Gam has sacked star bond manager Tim Haywood (pictured) who was at the centre of a scandal involving one of the fund group’s most popular ranges that unleashed a wave of redemptions and sent assets tumbling.
The Swiss manager confirmed Haywood’s firing as it unveiled its full year results for 2018 which painted a continuing picture of financial woes with the beleaguered manager posting a net loss of CHF 929m (€818m) and a 30% hit to assets in its investment arm.
“Following the conclusion of the investigation and the disciplinary proceedings, the suspended investment director has now been dismissed from the company for gross misconduct,” it said.
The Zurich-headquartered fund group has been relatively tight-lipped about Haywood’s status at the company in the months since his suspension was announced and his absolute return bond fund (ARBF) range entered liquidation.
Last summer Gam CEO Alexander Friedman, who was ousted from the firm months later, revealed the former head of Gam’s multi-billion-pound absolute return bond strategy was suspended for conduct issues, which concerned his due diligence and record keeping “in certain instances”. It was later revealed that the investigation into Haywood had been triggered by an internal whistleblower and Gam had been looking into the bond manager since November 2017.
ARBF blow-up weighs heavy on results
The blow-up of Gam’s €9.5bn ARBF range has continued to take its toll on Gam triggering outflows from other fund ranges and wreaking havoc on its share price.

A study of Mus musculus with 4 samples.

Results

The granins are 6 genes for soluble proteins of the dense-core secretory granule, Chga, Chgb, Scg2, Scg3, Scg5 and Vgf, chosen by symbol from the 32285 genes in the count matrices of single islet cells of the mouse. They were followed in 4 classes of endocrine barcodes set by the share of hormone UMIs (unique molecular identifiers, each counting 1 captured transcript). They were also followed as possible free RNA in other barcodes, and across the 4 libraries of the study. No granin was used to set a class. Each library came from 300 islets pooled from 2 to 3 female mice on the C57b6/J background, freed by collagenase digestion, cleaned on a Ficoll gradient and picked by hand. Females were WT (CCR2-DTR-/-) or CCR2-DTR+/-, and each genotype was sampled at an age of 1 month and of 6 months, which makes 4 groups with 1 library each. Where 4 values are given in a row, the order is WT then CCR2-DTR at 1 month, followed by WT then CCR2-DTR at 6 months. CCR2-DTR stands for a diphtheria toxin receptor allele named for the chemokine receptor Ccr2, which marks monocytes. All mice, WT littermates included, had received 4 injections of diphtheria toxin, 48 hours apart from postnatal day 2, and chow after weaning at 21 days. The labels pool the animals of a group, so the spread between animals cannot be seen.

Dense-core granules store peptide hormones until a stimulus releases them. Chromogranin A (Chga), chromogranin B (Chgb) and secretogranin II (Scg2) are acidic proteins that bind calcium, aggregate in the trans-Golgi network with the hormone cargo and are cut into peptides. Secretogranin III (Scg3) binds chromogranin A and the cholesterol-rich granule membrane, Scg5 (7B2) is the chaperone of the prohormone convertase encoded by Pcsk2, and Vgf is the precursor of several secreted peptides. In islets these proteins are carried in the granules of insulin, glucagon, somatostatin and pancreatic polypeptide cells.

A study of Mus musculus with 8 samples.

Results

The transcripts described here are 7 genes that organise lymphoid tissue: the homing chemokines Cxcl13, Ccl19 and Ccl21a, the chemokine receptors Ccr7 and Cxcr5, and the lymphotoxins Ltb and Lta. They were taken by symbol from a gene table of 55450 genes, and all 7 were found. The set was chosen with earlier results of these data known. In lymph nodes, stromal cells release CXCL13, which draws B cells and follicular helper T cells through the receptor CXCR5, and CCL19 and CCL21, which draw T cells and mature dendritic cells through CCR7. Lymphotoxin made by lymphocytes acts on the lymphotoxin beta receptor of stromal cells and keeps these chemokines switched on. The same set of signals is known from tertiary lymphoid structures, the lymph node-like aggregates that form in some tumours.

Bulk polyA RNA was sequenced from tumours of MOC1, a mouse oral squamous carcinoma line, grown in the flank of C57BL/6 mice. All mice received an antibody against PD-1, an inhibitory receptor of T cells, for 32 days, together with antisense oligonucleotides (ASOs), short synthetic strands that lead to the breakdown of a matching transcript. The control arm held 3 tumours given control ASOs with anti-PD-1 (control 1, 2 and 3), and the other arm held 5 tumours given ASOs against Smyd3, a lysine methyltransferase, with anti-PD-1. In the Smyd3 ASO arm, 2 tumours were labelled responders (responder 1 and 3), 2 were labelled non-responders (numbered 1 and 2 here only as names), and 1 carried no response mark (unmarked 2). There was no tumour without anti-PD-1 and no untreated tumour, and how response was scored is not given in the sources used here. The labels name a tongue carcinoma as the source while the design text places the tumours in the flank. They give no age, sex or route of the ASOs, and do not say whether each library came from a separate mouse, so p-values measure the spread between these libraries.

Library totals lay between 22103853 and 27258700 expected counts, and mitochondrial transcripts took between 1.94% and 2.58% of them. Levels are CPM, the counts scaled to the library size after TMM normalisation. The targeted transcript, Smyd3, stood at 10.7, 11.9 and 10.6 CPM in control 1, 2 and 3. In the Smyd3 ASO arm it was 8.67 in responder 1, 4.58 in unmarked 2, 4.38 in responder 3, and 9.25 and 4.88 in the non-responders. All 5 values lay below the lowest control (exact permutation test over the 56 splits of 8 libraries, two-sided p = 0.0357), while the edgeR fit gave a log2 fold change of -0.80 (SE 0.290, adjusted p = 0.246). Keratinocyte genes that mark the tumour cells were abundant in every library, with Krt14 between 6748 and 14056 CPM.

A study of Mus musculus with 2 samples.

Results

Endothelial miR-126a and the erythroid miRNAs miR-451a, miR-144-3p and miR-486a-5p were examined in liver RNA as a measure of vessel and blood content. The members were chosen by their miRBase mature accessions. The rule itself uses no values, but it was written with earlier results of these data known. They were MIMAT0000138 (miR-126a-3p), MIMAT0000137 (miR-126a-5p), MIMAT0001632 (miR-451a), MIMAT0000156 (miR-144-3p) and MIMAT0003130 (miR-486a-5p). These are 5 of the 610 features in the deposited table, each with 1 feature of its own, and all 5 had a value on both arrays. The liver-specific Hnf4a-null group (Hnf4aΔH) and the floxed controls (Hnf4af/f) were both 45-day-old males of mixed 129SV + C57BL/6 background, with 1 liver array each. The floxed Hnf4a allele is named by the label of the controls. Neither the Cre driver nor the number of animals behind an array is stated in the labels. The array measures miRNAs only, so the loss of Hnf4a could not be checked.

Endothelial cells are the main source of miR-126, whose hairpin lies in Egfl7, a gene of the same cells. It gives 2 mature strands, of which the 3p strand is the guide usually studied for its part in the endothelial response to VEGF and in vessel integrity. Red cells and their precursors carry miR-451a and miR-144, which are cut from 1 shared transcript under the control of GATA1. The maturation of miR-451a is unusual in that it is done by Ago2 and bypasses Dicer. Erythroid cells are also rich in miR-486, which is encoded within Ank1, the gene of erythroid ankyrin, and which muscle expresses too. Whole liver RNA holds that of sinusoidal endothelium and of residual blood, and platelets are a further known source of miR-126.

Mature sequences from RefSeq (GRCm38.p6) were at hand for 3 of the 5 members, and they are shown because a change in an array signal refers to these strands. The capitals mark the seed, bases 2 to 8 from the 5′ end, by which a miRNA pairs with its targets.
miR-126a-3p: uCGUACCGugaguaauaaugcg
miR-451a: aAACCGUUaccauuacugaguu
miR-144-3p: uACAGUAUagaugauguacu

In 2018 the firm recorded CHF 10.5bn (€9.2bn) of net outflows from non-ARBF strategies on top of the money that was lost from liquidating Haywood’s strategy. Coupled with CHF 6.8bn (€5.9bn) from negative market movements this dragged AUM down to CHF 56.1bn (€49.3bn) from CHF 84.4bn (€74.3bn) the year before.
Last year Gam saw 77% wiped off its share price, which fell to a record low of CHF 3.86 per share. Shares in the group fell 7% following the release
Gam posted a net loss of CHF 929.1m (€818m) and pre-tax profits of CHF 126.7m (€110m) last year, which it said were in line with expectations.
The group reiterated its guidance that profits for 2019 will be “materially below” last year’s given its significantly lower AUM and that no dividend will be paid to shareholders for 2018.
The Swiss manager also provided an update on its restructuring efforts, that will see it eliminate 10% of the roles across the group, saying plans are now underway.
Gam expects to achieve a reduction in fixed personnel and general expenses of at least CHF 40m (€35m) by the end of 2019, with one third of the savings to be reflected in 2019 and the full benefit in 2020. It said further opportunities for cost savings would be examined during the overhaul of the business.